Your Top Cybersecurity Risk

Do you know who in your organization has administrator privileges and doesn’t? Managing administrator privileges is a critical part of effective cybersecurity.

Do you know who in your organization has administrator privileges and doesn’t? Managing administrator privileges is a critical part of effective cybersecurity.

Pop quiz: who is considered an administrator in your business’ IT?

The answer, if you don’t know it, may surprise you.

Often, administrator privileges are given to anyone and everyone. By default, it’s considered the simplest way to set up new user accounts, as it ensures they can access everything they need without bothering a superior or contacting the IT team.

You may not realize that this is a serious threat to your cybersecurity.


What Are Administrator Privileges?

At their most basic, administrator privileges give users the ability to make major changes to a system, typically an operating system. They can access any and all files, change other users’ access rights, install new programs, disable security features, and more.

Are you starting to see why not everyone should have administrator privileges?

The Danger Of Over-Shared Administrator Privileges

The fact is that misuse of privilege is often one of the most common ways for cybercriminals to penetrate a network.

Hackers regularly take advantage of this highly common unsafe business practice by tricking a user with administrative privileges to download and run malware or by elevating privileges on a compromised non-admin account.

How To Effectively Manage Administrator Privileges

Limit Provision Of Administrator Privileges

Make sure to limit administrative privileges to those who require them.

The fact is that the common business user should not require administrative privileges to do their job—whether that’s for installing software, printing, using common programs, etc.

Track And Manage User Accounts

You need to have a carefully implemented process to track the lifecycle of accounts on your network:

  • Follow a careful process for how accounts are created for new members, how their security is maintained and verified throughout their life, and how they are removed when no longer needed.
  • Implement secure configuration settings (complex passwords, MFA, etc.) for all accounts.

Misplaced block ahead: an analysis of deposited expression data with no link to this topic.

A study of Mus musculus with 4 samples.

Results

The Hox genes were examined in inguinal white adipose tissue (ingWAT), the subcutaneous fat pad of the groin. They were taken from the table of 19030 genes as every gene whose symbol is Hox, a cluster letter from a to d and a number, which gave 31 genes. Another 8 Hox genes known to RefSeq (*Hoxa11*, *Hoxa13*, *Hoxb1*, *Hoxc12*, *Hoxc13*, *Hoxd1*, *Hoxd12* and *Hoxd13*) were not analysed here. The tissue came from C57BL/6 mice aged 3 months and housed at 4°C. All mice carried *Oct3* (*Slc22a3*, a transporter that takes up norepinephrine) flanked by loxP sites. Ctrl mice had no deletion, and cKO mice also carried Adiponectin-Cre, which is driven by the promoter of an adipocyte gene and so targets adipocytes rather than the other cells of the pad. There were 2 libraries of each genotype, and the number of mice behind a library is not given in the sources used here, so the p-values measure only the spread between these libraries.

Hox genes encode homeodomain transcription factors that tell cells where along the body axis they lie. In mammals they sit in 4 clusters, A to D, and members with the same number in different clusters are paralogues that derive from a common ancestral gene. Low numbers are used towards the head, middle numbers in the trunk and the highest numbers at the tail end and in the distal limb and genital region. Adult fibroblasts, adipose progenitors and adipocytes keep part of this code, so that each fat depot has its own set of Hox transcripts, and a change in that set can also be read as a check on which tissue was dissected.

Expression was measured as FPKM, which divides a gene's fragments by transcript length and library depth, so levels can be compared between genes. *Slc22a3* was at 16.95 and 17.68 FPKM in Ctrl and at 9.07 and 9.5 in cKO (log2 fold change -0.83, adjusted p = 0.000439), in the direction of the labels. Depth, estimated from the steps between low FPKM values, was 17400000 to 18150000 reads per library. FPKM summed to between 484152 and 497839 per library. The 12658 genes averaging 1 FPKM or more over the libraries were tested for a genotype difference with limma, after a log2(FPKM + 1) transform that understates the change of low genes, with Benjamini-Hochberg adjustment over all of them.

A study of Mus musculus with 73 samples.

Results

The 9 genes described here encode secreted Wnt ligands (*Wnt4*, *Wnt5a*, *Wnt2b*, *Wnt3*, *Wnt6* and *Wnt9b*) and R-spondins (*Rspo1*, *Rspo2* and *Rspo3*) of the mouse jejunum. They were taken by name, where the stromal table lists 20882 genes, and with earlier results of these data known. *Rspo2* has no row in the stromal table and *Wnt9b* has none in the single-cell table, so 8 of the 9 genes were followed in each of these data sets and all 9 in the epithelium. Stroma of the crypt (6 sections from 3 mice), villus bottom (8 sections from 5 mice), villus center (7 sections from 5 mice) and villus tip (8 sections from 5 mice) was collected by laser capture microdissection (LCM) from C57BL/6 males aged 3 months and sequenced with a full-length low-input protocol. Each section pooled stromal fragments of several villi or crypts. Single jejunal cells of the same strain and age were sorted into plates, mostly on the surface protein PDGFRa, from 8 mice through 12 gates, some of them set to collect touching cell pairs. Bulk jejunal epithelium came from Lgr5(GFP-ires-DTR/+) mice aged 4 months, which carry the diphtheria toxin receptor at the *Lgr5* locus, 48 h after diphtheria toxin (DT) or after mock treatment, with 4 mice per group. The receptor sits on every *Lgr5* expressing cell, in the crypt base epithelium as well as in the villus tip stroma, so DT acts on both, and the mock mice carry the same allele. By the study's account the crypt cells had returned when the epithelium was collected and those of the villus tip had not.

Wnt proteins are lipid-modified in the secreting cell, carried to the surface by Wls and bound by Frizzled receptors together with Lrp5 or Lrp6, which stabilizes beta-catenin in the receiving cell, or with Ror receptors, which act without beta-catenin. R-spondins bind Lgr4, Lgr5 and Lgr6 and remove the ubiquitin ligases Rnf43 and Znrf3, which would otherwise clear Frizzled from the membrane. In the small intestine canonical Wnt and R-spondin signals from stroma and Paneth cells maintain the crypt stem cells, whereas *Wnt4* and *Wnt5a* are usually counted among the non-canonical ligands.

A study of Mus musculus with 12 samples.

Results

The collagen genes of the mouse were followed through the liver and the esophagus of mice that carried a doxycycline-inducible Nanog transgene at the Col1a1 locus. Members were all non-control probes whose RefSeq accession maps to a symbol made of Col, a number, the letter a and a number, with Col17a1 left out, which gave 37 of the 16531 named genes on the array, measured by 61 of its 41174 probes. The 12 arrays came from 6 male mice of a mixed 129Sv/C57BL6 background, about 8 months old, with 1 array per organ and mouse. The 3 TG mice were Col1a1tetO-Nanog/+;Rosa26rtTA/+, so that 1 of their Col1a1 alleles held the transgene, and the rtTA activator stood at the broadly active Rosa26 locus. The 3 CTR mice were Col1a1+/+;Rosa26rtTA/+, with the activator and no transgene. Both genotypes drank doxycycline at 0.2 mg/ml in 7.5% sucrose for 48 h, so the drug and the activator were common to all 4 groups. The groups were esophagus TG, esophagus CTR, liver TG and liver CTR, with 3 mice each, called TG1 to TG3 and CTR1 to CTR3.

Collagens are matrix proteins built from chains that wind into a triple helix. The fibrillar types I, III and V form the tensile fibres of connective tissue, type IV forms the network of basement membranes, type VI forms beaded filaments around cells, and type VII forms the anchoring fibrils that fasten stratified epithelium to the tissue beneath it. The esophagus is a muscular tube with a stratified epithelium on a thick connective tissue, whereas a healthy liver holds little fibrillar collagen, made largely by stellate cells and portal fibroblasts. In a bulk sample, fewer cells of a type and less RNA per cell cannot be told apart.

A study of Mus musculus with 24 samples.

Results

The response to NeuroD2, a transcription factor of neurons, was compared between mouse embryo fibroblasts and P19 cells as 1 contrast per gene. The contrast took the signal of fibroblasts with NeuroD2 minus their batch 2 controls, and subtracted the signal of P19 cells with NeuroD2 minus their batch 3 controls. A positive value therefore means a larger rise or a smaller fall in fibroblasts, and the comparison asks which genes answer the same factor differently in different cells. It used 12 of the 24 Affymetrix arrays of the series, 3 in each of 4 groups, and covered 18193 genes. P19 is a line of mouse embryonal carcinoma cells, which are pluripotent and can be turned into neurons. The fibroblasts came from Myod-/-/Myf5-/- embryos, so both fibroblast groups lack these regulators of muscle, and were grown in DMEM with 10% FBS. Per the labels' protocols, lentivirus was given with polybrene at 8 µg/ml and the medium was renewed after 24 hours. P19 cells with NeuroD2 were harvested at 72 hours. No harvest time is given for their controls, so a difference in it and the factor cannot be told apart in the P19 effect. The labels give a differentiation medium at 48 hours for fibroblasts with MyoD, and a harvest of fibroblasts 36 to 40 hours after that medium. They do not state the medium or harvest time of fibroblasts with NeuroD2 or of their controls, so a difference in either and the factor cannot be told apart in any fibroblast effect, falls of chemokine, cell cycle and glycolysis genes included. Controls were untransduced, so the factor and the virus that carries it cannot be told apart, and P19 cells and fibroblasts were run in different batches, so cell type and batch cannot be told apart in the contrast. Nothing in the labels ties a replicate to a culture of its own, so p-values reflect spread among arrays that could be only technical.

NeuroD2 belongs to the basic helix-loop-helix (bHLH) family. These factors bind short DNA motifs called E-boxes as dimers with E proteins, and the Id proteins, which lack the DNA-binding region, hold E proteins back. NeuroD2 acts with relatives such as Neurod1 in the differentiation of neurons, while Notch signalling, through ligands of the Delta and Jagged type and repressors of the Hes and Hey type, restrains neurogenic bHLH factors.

• Implement controls for login and use, such as lockouts for too many unsuccessful logins, unsuccessful login alerts, and automatic log-off after a period of inactivity

Maintain A Strict Password Policy

Weak passwords are a common vulnerability exploited by cybercriminals. That’s why it’s so common that passwords are required to include uppercase letters, lowercase letters, numbers, and special characters.

However, recent guidance from the National Institute of Standards and Technology (NIST) advises that password length is much more beneficial than complexity. Consider using a passphrase when you combine multiple words into one long string of characters instead of a password. The extra length of a passphrase makes it harder to crack.

Protect Admin Accounts

Once you’ve limited privileges to only a few members of the organization, make sure their accounts have the right protections in place—complex, long passwords, multi-factor authentication, configure alerts for unsuccessful log-ins, and limit administrative actions to devices that are air-gapped from unnecessary aspects of your network.

Again, this control examines how different parts of your infrastructure are accessible by one another. The fact is that cybercriminals often gain access to sensitive data by first breaking into a much less critical part of the network. If those two parts were properly segmented via a DMZ, firewall, etc., they wouldn’t be able to.

Classify & Track Your Data

Simply classify your data for easy organization:

  • Level 1: Data for public consumption. Data that may be freely disclosed.
  • Level 2: Internal data not for public disclosure.
  • Level 3: Sensitive internal data that could affect the company if disclosed.
  • Level 4: Highly sensitive corporate, employee, and customer data.

Maintain an inventory of who has access to which levels of data and audit why that is necessary for the function of their role in the organization. Also, keep track of “stale data”—that is, data that hasn’t been accessed in some time. It should be archived and removed from your systems.

Don’t Give Administrator Privileges To Those Who Don’t Need It

The reality is that most of your staff members don’t need administrator privileges to do their jobs. Giving them to all users by default is simply an unnecessary security risk.

Make sure to audit your users and double-check that everyone has the “least privilege”; any given user should only have the degree of access required to do their job.